Reflecting as a rookie at the Conference of Parties (COP), the end of the first week has evoked many conflicting feelings. There is an overwhelming sense of excitement, motivation and inspiration that has been perverted many times along the way with strong feelings of intimidation, confusion, frustration, and exclusion.
At first I felt very removed from this process of the negotiations; as though I were here doing what we were meant to do, being ‘observers’. I wasn’t necessarily sure what this meant or how I should interact but I was very aware that the role of an observer implies someone who is watching, rather than necessarily participating. With this in mind, I kept reflecting on how Initiatives of Change (IofC) wants to be represented at these meetings, what their ‘agenda’ was – because at the end of the day, everyone here has as agenda. In a very informal chat around the communal table at our flat, John Lui offered us reflective words on how he saw IofC’s unique positioning at these negotiations an ‘honest mediator’. At our best, we would be present at these negotiations in a ‘deep meditation’ reflecting on the process, on how decisions are being made, on how the structures/processes present here are building or reinforcing (dis)trust and more importantly, what we could do to bridge these disconnects.
I’d encourage you all to check one of John’s websites if you are in need of inspirational and real world examples of what happens when ‘we’ change.
I took this reflection a step further and began to explore this at a more personal level. Born on the island of Trinidad & Tobago and raised as a ‘Trini Canadian’ in Calgary, Alberta, they are several complex layers of identity I cannot address here. But with my Canadian roots being such a contentious discussion at these negotiations, I wanted to reflect on what it means to, literally, be an observer of my country’s actions. The general sentiment seems to remain that Canada is in Durban negotiating in bad faith. With the arrival of many party delegates this week, including Canada’s Environment Minister Peter Kent, activists rallied with posters, fact sheets, ‘bags of bitumen’ and not-so-warm welcomes exposing how Canada is pushing its own minority agenda on economy, politics and tarsands and blocking progress on the negotiation process. From whispers turned reports on the government’s plan to legally withdraw from the Kyoto Protocol, but to keep their intentions secret while attending the COP17 negotiations, to Minister Kent’s quote that “Kyoto is the past”, I can understand the sentiment of the public perception of Canada in the international arena- I’ll admit, rightly so. But I do have a choice in how I respond, how I engage and how I take action.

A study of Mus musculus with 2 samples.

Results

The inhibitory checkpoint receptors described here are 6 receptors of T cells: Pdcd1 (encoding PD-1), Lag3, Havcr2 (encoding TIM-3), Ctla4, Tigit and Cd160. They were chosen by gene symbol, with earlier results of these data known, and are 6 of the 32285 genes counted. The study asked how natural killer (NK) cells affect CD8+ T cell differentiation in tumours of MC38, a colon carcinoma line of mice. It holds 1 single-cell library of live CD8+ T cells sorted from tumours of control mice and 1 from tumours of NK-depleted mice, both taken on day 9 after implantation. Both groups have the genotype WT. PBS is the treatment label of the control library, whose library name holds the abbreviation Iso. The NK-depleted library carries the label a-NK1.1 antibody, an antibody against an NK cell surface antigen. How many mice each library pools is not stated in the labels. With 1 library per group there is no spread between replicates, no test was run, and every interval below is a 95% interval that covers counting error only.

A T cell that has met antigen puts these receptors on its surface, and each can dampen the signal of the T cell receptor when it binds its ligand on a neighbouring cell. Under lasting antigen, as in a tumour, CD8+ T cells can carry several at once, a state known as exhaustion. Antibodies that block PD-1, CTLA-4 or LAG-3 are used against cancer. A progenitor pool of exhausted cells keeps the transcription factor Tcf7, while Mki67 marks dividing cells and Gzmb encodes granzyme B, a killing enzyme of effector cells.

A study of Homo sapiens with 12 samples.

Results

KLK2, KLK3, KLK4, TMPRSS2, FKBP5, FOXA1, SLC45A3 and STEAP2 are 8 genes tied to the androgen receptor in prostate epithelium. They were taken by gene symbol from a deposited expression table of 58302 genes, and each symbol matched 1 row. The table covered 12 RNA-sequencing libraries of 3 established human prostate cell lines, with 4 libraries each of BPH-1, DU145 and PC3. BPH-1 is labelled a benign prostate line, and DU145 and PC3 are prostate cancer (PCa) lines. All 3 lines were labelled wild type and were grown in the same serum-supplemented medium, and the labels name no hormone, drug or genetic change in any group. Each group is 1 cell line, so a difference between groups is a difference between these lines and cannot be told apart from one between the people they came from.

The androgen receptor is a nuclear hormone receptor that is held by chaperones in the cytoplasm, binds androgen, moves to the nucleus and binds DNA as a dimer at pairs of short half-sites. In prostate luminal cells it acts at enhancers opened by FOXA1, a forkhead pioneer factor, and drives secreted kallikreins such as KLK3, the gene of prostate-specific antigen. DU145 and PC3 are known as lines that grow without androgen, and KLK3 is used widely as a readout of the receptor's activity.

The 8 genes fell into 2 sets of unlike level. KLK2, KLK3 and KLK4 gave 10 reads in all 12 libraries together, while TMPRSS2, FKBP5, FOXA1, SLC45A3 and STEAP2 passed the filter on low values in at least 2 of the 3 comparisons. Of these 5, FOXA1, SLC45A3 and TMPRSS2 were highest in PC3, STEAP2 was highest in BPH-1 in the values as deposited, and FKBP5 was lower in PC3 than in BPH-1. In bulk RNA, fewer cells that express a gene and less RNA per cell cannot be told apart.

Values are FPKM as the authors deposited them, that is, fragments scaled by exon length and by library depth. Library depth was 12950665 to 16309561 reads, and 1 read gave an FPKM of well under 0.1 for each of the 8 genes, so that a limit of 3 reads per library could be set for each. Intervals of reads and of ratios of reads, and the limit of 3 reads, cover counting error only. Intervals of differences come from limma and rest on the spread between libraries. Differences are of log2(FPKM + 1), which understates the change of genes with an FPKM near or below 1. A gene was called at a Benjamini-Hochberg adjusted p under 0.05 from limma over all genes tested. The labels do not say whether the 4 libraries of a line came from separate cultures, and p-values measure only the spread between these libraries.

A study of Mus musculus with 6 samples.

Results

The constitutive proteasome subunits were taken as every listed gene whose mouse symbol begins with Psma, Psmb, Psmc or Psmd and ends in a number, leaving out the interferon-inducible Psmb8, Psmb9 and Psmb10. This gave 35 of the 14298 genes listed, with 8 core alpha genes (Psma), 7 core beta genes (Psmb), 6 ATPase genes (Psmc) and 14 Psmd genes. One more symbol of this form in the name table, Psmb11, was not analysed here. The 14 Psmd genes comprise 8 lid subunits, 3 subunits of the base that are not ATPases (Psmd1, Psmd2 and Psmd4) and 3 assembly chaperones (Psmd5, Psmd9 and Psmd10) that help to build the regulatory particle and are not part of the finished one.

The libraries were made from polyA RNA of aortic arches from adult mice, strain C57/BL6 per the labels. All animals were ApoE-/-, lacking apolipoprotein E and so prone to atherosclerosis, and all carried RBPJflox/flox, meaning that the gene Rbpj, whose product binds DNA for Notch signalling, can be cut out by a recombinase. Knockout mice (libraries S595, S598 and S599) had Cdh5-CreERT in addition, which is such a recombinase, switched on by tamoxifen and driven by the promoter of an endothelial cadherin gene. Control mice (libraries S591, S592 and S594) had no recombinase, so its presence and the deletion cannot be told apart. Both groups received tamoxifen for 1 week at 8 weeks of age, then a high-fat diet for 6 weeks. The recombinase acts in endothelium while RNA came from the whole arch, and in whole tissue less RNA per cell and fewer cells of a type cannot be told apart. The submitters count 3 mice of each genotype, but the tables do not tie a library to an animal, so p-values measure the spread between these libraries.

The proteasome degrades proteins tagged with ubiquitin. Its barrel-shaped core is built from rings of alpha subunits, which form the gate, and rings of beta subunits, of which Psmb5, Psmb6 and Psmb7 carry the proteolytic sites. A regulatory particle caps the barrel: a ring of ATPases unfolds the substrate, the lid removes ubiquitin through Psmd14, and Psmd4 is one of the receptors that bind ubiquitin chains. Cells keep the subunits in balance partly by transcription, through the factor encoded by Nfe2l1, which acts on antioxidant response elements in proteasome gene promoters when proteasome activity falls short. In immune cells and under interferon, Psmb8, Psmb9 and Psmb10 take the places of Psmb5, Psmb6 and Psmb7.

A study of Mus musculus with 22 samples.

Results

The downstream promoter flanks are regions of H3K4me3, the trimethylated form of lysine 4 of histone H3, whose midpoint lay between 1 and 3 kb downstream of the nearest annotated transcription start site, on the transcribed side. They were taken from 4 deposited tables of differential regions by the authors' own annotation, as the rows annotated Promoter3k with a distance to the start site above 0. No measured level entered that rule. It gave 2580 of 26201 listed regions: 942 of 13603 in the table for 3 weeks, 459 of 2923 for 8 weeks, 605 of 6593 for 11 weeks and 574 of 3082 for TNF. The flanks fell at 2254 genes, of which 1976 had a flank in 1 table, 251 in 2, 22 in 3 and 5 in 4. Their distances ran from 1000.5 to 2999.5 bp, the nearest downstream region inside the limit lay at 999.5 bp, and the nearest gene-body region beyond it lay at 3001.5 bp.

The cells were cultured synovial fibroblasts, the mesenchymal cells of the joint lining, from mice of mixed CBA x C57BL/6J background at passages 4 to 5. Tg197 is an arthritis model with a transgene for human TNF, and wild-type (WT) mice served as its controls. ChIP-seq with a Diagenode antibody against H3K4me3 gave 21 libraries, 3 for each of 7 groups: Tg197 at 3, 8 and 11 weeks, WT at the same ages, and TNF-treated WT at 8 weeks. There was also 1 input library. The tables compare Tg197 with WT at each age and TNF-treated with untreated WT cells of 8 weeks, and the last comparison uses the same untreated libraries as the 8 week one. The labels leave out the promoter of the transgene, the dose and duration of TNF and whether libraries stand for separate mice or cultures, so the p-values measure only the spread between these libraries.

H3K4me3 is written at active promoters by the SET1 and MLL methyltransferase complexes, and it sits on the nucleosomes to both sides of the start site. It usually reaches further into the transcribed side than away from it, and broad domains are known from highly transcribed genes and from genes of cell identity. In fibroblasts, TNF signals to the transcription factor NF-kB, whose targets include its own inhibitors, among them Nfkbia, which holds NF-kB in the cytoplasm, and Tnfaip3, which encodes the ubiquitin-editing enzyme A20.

It’s been challenging trying to negotiate my position here so I’ve chosen to tackle this by asking myself what I think IofC pushes for each of us to ask ourselves: what would I do? What would an individual do, who felt disheartened, discouraged and misrepresented? An individual, who is one of many, trying to get the message of urgency out to Canada and out to the world; for them to see this is not a COP17 problem, this is our problem and we all have a moral and ethical responsibility to act on this. As one Canadian Youth blogged, “I admit it. I am a Canadian. I am related to the ultimate climate bully….but we have a secret weapon of our own: the hope and dreams of Canadian youth, the next generation”.
Today I was lucky to have an informal interview with the Leader of the Green Party of Canada, Ms. Elizabeth May (http://greenparty.ca) discussing the various levels of distrust that have been created between states, between civil society and politicians, between Canada and the international community. Though the reality of distrust is alarming and disheartening, the same call for hope was echoed by Ms. May but with a strong sense of urgency. May tweeted earlier from her negotiations, “time is not on our side.” Ban Ki-moon calls for COP17 to be a “profile in courage.” And so I continue through this week, with great aspirations of courage and determination for a better a future, understanding that this is no easy task. It requires each of us to not only do our part but to push our leaders to do their part in preserving a nation that represents the truest values for the good of our humanity.